Government clarifies rules for wellness programs at work


The Equal Employment Opportunity Commission — which enforces laws against discrimination — said Thursday that employers can use financial incentives up to 30 percent of the cost of premiums for single coverage, provided certain other safeguards are met.

Business groups and advocates for people with disabilities are closely watching the issue. Workplace programs that encourage workers to lose weight, quit smoking, get active and better manage stress are spreading throughout American businesses. Employers look for ways to cut costs associated with chronic illnesses, which are often tied to lifestyle.

The 30-percent standard was set in President Barack Obama's health care overhaul law.

For example, if the total premium paid by the employer and employee for single coverage is $5,000, rewards or penalties for participating in a wellness program under that plan cannot exceed $1,500.

After the health care overhaul passed in 2010, questions arose about potential conflicts with the Americans with Disabilities Act, or ADA, which dates back to 1990 and protects people with chronic conditions against workplace discrimination. That law says wellness programs have to be voluntary.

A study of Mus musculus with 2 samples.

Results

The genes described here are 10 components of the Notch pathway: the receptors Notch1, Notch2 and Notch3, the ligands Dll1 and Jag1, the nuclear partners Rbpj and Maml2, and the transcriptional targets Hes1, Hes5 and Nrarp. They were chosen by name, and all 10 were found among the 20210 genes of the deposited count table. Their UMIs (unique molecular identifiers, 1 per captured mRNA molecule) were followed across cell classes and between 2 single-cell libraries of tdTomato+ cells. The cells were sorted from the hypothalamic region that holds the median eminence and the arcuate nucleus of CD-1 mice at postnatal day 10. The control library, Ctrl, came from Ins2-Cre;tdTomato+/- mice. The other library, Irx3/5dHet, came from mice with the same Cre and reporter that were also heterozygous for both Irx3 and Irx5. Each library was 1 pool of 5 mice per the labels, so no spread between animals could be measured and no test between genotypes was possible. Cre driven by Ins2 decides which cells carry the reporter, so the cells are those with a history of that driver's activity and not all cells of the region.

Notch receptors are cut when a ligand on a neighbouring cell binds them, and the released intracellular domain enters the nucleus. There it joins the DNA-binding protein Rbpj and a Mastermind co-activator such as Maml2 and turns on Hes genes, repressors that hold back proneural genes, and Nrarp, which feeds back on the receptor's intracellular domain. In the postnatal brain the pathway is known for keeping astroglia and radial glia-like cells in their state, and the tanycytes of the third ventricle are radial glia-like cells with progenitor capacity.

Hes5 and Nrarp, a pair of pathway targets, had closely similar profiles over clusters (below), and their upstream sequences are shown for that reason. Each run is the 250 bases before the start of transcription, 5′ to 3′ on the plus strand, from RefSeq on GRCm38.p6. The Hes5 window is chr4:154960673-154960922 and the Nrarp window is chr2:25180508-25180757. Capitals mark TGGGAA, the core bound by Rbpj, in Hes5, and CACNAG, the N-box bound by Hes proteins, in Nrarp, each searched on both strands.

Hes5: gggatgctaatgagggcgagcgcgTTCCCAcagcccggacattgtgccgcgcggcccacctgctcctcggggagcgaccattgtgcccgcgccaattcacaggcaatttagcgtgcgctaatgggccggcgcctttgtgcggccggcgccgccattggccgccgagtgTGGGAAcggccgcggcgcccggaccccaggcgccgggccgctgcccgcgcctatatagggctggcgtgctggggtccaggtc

The employment commission is trying to balance how the two laws can work together.

The proposed regulation says that wellness programs are permitted under the ADA, but employers cannot use them to discriminate based on a worker's disability. Many wellness programs require employees to complete a health risk assessment questionnaire, and talk the results over with a counselor. Some require employees to take specific actions, such as losing weight or getting blood pressure down to recommended levels.

The regulation says employers cannot see individual medical information that is collected as part of that process. While aggregate results can be disclosed to employer, the wellness program must keep individual information confidential.

Commission Chairwoman Jenny R. Yang said in a statement the goal is to "harmonize" the workings of different federal laws that address the issue.

"Medical inquiries and exams that are part of an employee health program must be voluntary," said Yang. At the same time, "allowing incentives to encourage participation in wellness programs" is permitted by federal law.